01-02-2010, 08:01 PM
How do you bid a commercial job when everthing is snow coverd. Most commercial places tell me they accept bids in Feb. I have had a business for ten years doing residential and some commercial but they have always called in spring or summer, not winter

Omran&Turbo
01-02-2010, 09:12 PM
well, the problems with commorcial jobs IMO are few:
A- most likely you have to cover thier snow removal too, and if you are a solo operatioon like me, you really don't want to take more than 1 big shopping center, because you can't deliver the snow part in winter.
B- most commorcial jobs let the bid outs for thier bodies and inside connections.
c- the big o landscape companies will out bid the small guys, sometimes only to keep the payroll going ( I am not trying here to define any one so please I don't any one to get pissed off here)

SangerLawn
01-03-2010, 01:14 AM
well, the problems with commorcial jobs IMO are few:
A- most likely you have to cover thier snow removal too, and if you are a solo operatioon like me, you really don't want to take more than 1 big shopping center, because you can't deliver the snow part in winter.
B- most commorcial jobs let the bid outs for thier bodies and inside connections.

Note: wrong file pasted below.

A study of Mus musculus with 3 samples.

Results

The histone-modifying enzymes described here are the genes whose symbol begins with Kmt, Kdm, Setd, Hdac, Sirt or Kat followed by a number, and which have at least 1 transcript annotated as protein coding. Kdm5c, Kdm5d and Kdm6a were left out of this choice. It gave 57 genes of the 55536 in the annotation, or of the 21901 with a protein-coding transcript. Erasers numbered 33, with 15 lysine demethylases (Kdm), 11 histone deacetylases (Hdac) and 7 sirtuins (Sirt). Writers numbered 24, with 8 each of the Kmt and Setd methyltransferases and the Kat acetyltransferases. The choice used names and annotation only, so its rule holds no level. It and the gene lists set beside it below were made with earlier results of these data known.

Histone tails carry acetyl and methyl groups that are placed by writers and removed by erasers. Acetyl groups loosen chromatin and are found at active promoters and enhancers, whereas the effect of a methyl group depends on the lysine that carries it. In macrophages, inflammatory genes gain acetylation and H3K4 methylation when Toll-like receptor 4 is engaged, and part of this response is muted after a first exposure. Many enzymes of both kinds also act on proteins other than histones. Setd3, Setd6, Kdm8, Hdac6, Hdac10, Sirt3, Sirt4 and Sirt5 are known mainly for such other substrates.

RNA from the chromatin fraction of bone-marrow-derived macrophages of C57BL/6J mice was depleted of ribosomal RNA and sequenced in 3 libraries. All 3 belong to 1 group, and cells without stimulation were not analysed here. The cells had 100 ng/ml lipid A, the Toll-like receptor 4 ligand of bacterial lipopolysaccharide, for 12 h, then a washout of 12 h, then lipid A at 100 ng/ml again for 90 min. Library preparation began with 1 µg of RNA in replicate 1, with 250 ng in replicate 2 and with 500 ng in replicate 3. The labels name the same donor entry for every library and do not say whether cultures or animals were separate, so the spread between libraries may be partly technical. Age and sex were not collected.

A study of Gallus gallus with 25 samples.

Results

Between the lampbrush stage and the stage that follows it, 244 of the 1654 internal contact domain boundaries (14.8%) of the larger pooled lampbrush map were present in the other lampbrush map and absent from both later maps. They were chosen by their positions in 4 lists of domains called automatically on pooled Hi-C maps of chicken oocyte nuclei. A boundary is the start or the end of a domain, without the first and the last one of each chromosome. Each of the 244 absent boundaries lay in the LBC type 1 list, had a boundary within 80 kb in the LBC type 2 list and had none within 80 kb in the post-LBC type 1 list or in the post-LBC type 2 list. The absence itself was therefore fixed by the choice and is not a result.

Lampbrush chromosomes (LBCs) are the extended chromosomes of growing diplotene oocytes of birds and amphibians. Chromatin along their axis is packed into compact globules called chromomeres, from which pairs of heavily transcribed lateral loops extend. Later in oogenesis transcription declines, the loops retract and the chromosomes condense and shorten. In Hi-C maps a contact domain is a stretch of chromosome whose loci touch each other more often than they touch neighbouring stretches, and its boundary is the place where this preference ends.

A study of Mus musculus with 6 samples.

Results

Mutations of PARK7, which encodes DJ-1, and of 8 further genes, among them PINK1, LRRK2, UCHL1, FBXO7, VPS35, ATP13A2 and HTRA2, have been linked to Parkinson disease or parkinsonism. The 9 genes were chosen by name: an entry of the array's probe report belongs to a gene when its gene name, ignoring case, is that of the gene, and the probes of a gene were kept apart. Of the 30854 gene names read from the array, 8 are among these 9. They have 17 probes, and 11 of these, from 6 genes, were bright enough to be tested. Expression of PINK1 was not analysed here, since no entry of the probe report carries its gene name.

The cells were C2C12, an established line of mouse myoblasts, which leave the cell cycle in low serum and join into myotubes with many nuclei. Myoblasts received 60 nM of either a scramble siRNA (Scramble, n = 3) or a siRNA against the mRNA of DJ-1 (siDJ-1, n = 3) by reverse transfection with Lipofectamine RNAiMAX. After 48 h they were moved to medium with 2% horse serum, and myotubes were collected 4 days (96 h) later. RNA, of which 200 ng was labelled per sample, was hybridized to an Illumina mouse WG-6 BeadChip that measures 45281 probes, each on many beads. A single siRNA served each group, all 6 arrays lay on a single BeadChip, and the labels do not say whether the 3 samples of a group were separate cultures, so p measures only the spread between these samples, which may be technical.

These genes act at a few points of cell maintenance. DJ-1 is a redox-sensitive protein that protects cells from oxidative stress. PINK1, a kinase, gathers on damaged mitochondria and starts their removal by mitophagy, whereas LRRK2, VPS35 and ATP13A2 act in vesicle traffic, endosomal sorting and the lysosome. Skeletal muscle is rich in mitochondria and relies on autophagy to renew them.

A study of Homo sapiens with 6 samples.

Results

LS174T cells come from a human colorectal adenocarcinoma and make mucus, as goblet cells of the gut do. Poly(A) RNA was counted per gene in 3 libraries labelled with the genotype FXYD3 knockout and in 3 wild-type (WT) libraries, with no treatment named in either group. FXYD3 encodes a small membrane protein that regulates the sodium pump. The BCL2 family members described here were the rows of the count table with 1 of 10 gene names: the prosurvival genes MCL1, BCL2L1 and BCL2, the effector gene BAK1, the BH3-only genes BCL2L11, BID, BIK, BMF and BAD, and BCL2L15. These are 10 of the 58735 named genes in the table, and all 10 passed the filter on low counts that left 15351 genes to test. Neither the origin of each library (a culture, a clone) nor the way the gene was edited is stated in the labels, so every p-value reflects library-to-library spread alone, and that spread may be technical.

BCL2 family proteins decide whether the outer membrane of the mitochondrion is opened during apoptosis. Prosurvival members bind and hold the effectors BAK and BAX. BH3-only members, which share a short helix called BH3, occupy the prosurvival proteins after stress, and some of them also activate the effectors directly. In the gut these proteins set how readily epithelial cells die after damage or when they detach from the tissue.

c- the big o landscape companies will out bid the small guys, sometimes only to keep the payroll going ( I am not trying here to define any one so please I don't any one to get pissed off here)

Very good points but thatís not the reason bigger companies put in lower bids on commercial properties. You will find the larger your company grows the less per hour you need to operate.

For example, if your monthly bills not including wages and fuel are $1,000 dollars to operate and you only have 10 properties a week then each property will have to be $25.00 each just to break even. This does not include a profit, this is just breaking even.

A larger company still only has $1,000 dollars to operate but may do 100 properties per week. Now there minimum property to break even would be $2.50 per property. On average fuel and labor only goes up about $16.00 per hour per man you hire so you can still see the profit range.

I hope I explained that well enough?

With that being said a solo person may need $45.00 per man hour on a commercial property to turn a profit. A larger company may only need $35.00 per man hour to make a profit. If a company can stay on 1 or 2 properties all day long they cut down on drive time paying employees and can do the job much cheaper then a solo person. The drive time is the reason why most solo people can do residential cheaper then larger companies but donít stand a chance on commercial properties.